By Margaret A. Wissman, DVM, DABVP
I bought a leopard gecko yesterday from a pet retailer. They told me to get calcium sand for the ground surface because it is good for the gecko and the most natural of all surfaces. Earlier today I joined an online leopard gecko discussion forum and posted a picture for them to see him. Most of the comments I got back were that young leopard geckos should not be in sand. Many of them told me I should be using paper towels, but I do not see why. If you could please get back to me about what ground surface I should provide for my gecko, I would greatly appreciate it. Thank you!
Sand and calcium sand are two different things. Regular sand is composed of tiny pieces of insoluble minerals (i.e. rocks) that may cause impaction if ingested when the gecko eats insects. Calcium sand is composed of calcium carbonate, the same chemical found in antacids, chalk and cuttlebone.
The gastrointestinal tract absorbs calcium carbonate if it’s ingested in small amounts, and the body uses the chemical for different functions that require calcium. There is some concern that if a large amount of calcium sand is ingested, it also could cause impaction problems.
When the online forum folks said your new gecko should not be on sand, I think you got confused. Calcium sand is not sand in the truest sense of the word. I think that is where the confusion came from.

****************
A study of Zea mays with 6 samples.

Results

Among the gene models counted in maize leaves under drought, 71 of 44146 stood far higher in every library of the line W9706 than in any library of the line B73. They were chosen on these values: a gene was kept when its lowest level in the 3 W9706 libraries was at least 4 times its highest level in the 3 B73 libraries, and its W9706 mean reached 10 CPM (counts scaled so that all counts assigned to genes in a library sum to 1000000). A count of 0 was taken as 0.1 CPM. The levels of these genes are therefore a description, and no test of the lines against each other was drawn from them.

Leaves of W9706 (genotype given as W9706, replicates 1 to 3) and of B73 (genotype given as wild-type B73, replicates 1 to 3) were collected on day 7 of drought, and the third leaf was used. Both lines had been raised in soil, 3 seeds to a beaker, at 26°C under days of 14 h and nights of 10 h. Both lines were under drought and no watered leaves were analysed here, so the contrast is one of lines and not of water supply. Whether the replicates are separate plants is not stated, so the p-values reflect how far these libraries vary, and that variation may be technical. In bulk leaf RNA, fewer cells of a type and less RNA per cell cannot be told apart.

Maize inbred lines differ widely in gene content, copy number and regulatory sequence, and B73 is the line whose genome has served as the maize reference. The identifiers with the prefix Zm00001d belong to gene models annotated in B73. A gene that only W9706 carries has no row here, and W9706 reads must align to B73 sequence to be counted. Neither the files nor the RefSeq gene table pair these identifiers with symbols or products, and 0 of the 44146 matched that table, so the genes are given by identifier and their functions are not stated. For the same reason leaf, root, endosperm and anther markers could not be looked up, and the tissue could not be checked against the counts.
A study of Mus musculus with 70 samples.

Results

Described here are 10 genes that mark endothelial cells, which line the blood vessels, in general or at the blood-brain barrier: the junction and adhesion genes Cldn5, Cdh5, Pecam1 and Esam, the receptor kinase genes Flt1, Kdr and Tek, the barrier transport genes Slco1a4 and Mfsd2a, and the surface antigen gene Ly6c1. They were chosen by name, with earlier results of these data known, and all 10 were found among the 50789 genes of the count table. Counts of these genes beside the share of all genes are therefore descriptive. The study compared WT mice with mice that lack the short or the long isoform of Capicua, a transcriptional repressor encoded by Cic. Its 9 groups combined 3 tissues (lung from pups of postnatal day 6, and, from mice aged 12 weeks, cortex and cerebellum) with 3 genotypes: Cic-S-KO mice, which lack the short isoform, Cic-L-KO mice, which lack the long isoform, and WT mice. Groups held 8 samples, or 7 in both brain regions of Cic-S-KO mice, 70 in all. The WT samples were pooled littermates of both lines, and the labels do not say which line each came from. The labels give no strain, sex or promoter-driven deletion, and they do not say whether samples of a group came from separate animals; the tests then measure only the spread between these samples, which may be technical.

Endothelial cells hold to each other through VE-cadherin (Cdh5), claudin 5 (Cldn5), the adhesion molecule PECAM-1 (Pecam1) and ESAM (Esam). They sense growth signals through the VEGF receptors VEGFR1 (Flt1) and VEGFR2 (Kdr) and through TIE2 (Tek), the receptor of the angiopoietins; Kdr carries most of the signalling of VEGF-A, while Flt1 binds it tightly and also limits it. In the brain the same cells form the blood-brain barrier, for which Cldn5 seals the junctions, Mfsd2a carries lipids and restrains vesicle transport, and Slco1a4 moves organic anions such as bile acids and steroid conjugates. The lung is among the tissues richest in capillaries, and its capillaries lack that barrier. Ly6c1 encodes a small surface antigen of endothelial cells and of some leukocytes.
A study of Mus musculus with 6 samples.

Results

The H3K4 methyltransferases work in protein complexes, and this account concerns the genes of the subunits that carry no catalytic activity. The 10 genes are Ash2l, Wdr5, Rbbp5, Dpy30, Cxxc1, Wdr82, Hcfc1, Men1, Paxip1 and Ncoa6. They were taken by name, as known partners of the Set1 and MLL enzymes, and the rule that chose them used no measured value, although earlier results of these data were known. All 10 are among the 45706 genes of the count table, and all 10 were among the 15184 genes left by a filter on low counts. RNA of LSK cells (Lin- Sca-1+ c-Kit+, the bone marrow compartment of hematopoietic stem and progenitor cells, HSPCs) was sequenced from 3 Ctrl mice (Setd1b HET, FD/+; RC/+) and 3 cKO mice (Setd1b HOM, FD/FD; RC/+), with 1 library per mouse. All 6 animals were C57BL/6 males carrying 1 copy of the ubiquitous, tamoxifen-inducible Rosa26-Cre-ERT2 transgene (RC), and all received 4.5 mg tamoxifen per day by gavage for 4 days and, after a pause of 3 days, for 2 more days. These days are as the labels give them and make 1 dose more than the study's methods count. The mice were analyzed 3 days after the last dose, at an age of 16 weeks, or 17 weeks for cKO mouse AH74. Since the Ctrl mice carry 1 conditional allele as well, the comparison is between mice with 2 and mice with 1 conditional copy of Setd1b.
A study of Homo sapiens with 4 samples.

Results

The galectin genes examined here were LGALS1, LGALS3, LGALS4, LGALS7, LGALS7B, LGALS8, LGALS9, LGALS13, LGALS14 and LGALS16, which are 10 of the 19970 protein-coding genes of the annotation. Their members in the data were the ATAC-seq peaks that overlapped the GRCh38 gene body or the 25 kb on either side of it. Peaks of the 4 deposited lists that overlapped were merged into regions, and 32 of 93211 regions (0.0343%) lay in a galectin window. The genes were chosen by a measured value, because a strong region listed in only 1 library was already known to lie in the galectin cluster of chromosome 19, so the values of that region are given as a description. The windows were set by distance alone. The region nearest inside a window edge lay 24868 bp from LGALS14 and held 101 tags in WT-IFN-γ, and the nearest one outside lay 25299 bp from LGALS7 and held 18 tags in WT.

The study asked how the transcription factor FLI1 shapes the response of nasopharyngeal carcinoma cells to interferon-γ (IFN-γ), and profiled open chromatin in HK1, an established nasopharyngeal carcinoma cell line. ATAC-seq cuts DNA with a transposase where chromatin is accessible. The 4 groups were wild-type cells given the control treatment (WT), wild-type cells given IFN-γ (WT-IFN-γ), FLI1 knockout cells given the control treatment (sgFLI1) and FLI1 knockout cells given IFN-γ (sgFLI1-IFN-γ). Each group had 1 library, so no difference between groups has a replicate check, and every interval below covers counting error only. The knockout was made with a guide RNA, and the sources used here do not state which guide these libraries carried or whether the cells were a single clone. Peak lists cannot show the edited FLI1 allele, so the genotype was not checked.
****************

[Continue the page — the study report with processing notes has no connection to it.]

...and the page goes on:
Personally, I have used calcium sand for my herps, such as viper geckos, a frilled dragon and horned lizards. I’ve had no problems whatsoever. I have heard vague stories about impactions with calcium sand as a cage substrate, but I have never seen a case personally.
Although many geckos are from desert regions of the world, it isn’t recommended that regular sand be used in the bottoms of enclosures because captivity cannot mimic a true natural environment. Some owners and breeders prefer to use newspaper or paper towels in the bottoms of cages because they can more easily monitor the droppings. Calcium sand is perfectly fine to use in the bottom of your new gecko’s cage.
I know some people will disagree with me, but calcium sand has worked with my lizards. I like it. I actually used glow-in-the-dark calcium sand with my nocturnal viper geckos and it looked really cool when I shut off the full-spectrum fluorescent light at night. The sand glows a shade of green for a while after the lights go out.
If you notice your lizard is consuming any of the calcium sand, I recommend you monitor it very closely to ensure it doesn’t ingest too much, which could result in an impaction. If you suspect a problem, then switch to another substrate, and contact your herp veterinarian just in case.